Minister Dlamini on Monday briefed media in Pretoria on progress made in the second quarter of the year towards achieving the goals of the National Development Plan (NDP) by the Social Protection, Community and Human Development Cluster.
She said learners who receive unfavourable matric results go through a difficult time which requires immediate intervention and support.
“As we look forward to the NSC results, we also need to consider the plight of those who are not going to meet all the minimum pass requirements.
“To minimise depression, trauma and possible suicide incidents amongst Grade 12 learners, we call upon parents and caregivers to look for changes in the behaviour of their children, to give them support and encourage them to go back to school,” she said.
The 2016 examinations recorded a total of 9 216 additional candidates from the number that sat in 2015. A total of 677 141 full time and 150 183 part-time candidates sat for final examinations this year.
The marking of the NSC examinations is currently underway in 140 marking centres around the country and the matric results will be released on 5 January 2017.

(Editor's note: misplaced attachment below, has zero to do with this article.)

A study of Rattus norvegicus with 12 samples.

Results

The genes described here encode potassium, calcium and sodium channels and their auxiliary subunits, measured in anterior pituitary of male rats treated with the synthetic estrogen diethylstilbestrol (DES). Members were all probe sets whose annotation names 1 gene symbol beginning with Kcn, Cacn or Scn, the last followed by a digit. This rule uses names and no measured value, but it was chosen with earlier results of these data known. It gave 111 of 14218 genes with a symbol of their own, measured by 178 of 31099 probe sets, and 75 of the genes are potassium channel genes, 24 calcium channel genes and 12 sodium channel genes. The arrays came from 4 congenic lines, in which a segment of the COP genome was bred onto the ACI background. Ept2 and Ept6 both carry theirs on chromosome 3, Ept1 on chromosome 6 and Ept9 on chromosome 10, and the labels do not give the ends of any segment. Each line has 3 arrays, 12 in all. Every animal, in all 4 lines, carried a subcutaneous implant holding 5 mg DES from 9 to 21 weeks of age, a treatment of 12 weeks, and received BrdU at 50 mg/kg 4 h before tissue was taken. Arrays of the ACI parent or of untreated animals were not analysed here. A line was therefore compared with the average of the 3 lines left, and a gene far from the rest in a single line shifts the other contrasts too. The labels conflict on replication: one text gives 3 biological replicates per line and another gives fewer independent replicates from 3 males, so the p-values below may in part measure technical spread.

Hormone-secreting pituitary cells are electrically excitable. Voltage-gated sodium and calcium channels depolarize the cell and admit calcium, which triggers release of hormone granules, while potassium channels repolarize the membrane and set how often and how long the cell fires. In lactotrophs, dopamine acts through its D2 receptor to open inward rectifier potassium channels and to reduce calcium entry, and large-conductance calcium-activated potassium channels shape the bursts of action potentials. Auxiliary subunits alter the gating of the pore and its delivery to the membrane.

“We urge all our learners to collect their statements of results at the school where they sat for the examinations,” said the Minister.
Second Chance Matric Support Programme
This year government launched the Second Chance Matric Support Programme which is a learner retention programme. It provides support for candidates writing the supplementary examinations and the modularised NSC writing option in February, March and June 2017.
Minister Dlamini said through such second chance programmes, young South Africans will be integrated back into the education system to ensure they receive a second chance at being adequately qualified before entering the job market.
“There are more benefits to the country at large to have its citizens adequately educated. The education sector has made remarkable improvements in access, redress and equity, learning outcomes have shown an upward trend in national, regional and international tests.
“This has come as a result of the government’s focus on implementing programmes that ensured that learners received sufficient support. Education is the cornerstone of youth employment, and ensuring that young people are educated and skilled is of prime concern for the state and society in general,” said Minister Dlamini.